Scott Pritchard | Principal
I have a confession to make. I have a friend who is a broker. There, I feel better getting that off my chest.
Aside from having built a very profitable book of business by the sheer force of his personality and some very aggressive sales tactics, along with jumping from one brokerage house to another for a hefty payday, he’s actually a good guy.
I recently ran into him at a holiday party and he blurted out the following:
“You know, John Smith (the CFO of one of my 401(k) clients; not his real name, by the way) paid you a great compliment recently.
He said that they chose to go with you for their 401(k) plan because you were the only advisor who came in, asked questions and actually listened to their goals for the plan.
John said everyone else came in pitching their product and bragging about how great they were.
You know, I’ve shared that with our team and we’re really going to try to listen more and talk less…”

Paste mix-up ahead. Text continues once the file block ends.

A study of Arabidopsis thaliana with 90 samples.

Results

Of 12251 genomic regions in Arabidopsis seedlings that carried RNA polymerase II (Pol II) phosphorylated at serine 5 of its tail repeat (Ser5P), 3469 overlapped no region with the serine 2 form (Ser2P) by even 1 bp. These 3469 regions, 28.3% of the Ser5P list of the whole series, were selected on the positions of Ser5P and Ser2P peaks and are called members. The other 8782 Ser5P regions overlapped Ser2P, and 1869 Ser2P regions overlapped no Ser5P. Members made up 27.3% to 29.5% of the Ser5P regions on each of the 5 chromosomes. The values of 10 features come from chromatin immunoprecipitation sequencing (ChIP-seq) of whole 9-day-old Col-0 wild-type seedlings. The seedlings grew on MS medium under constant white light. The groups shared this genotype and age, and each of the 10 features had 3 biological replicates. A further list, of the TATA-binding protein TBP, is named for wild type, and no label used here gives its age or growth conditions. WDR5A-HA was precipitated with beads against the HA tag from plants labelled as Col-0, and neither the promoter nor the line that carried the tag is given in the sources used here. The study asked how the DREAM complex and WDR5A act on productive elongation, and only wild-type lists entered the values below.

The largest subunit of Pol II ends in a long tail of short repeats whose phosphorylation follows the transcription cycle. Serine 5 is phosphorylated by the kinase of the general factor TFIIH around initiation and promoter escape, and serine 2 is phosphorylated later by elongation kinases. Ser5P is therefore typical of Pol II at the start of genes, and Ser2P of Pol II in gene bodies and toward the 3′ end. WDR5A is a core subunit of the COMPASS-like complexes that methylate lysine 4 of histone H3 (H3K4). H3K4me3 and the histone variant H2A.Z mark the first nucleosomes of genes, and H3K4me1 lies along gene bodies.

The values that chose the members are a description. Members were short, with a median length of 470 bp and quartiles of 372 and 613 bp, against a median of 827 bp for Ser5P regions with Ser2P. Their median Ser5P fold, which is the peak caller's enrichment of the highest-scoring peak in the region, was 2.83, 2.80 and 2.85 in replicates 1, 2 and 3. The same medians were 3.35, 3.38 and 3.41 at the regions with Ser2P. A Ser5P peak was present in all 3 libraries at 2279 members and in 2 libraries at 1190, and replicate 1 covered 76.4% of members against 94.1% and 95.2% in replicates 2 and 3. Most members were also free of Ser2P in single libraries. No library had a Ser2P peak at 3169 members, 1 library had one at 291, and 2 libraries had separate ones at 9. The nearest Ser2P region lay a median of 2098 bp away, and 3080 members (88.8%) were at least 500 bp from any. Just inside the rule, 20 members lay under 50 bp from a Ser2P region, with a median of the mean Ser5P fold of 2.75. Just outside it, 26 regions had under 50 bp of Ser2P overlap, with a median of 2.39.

I tried to be gracious and just said “Thanks for sharing that”, but I couldn’t help but think to myself “Really? They don’t teach that on the first day of “Broker School”?”
But in reflecting back on it later, I was reminded of just how different the Registered Investment Advisor (RIA) business model is when compared to the brokerage firm model. As an RIA, I am legally obligated to put my clients’ interests ahead of my own. Brokers aren’t held to that same fiduciary standard.
Knowing that the brokerage business model is based on selling product, not on meeting clients’ needs, maybe I shouldn’t have been so surprised that actually listening to a client seemed like such a novel idea to my friend, the broker.